Is An Eye Transplant Really A Possibility?
A successful eye transplant would certainly be a wonderful thing if, like a heart transplant, or a kidney transplant, the entire eye could be totally replaced with a new (or slightly used) one. Unfortunately, the technology has not yet reached the point where a defective eye can be removed from its socket and a working eye inserted in its place, and there is no guarantee that total eye replacement will ever become a possibility.
Eye Transplant Is A Misnomer
We occasionally hear about successful eye transplants, but one has to look beyond the headlines, as the headlines are misleading. When one undergoes an eye transplant it is more correct to refer to it as a corneal transplant. In a corneal transplant, only the transparent front portion of the eye is removed and replaced. Not the entire eye. This transparent part of the eye is where light first enters, before it reaches the iris, the lens, and finally the retina. A common defect involving the cornea is a cataract, which clouds the image that is to be recorded on the retina. A cataract can be removed without having to replace the cornea, but if the cornea itself is damaged it will have to be replaced to fully restore sight.
“Eye Transplants” Are Commonplace
A corneal transplant is one of the more common organ transplant procedures. Many more people receive corneal transplants than receive heart, kidney, or bone marrow transplants. An eye transplant (corneal transplant) is generally successful, the reason being that the cornea does not contain blood vessels, so rejection of transplanted tissue is rare. As is the case with a heart or kidney transplant, the cornea to be transplanted must be donated. The donor being someone who prior to his or her death has elected to donate one or more organs. Since the cornea in the average person is generally quite healthy, there is seldom a shortage of donor corneas. When a person dies, the cornea begins to cloud over. Transparency can be restored, but there is a time limit. If however the cornea is surgically removed shortly after a donor's death, it can successfully be stored in an eye bank for a relatively long period of time.
A Problem With Splicing
Transplanting an entire eye, as previously noted, is not currently possible. It may never be possible, although advances in science and technology continue to amaze us. If an entire eye is to be replaced it must be removed, which means the optic nerve must be severed. The optic nerve sends signals to the brain, and what we see is due to activity within the brain itself. No optic nerve, no signals for the brain to process. Cutting the optic nerve is not like cutting a telephone line. It is more like cutting through a fiber optics cable. The optic nerve is a very tiny cable however, and contains over a million fibers. Imagine trying to correctly splice together a million microscopic fibers in the relatively short period allowed during a surgical procedure. You can see the challenge involved in any attempt to successfully transplanting an entire eye.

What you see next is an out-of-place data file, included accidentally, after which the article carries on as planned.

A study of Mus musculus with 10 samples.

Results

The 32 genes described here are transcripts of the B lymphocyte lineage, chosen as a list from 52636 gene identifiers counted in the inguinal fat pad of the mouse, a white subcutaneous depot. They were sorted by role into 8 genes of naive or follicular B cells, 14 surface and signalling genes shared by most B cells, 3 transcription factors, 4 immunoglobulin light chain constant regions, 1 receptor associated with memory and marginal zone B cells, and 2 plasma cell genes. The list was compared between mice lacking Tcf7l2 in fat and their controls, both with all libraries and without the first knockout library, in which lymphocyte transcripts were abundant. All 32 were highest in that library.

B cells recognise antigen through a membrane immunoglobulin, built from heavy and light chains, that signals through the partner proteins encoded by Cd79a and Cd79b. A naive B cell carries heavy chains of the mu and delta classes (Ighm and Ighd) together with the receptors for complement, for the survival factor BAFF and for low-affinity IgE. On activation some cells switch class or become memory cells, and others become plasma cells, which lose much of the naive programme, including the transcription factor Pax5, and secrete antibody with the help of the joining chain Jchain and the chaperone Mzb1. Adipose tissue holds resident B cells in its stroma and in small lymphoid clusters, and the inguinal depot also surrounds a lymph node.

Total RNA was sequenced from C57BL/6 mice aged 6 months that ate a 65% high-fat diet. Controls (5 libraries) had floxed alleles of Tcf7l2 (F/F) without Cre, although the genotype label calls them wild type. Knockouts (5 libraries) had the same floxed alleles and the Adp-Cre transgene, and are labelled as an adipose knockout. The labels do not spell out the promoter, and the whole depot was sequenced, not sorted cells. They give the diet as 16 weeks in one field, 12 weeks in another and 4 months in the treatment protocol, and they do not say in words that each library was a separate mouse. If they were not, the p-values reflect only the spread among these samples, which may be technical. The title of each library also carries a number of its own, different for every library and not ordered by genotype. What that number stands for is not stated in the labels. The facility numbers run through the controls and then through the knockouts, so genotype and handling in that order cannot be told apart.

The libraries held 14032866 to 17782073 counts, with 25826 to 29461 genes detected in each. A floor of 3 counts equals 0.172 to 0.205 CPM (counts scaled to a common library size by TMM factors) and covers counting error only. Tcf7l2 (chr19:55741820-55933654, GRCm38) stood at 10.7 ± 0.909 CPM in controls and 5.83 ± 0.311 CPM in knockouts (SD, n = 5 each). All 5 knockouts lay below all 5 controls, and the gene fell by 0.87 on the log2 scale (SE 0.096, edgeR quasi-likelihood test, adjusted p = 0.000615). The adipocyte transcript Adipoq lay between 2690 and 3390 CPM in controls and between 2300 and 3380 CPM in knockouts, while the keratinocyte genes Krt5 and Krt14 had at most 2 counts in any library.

A report has been published describing a surgical procedure which partially restored sight to a person who had lost the sight in one eye. This surgery was referred to as a "miracle" eye transplant, although it wasn't a transplant at all. What the procedure consisted of was the implanting of a microchip behind the retina of the defective eye. When light (an image) strikes the retina, the microchip, which contains just under two thousand sensors, sends signals to the optic nerve and to the brain, enabling the person to see. A thousand or so sensors isn't the same as a million signal transmitting fibers, but the person with the microchip implant was able to read letters of the alphabet, a giant step beyond being totally blind. Efforts in this area are continuing, and one can reasonably expect improved results as the years go by.
Tadpole Eye Transplants? - It's A Start
Another intriguing area of research involves growing a replacement eye or a portion of an eye through the use of stem cell technology. Some success has been achieved in growing replacement eyes using this technology, but this is work involved the use of tadpoles, not humans or other mammals. The results have encouraged further research, but there is admittedly a vast difference between a tadpole eye transplant and a human eye transplant. Research has also been done using mice as subjects. Those results have not been as successful as was the case with tadpoles, but the experiments on mice raise the possibility that certain portions of an eye, but not the total eye, could be replicated. Optimists see the possibility of successful eye transplants within the lifetime, while skeptics generally regard complete eye transplants as the stuff of science fiction, and likely to remain so. But, as we said before, advances in science and technology will no doubt continue to amaze us.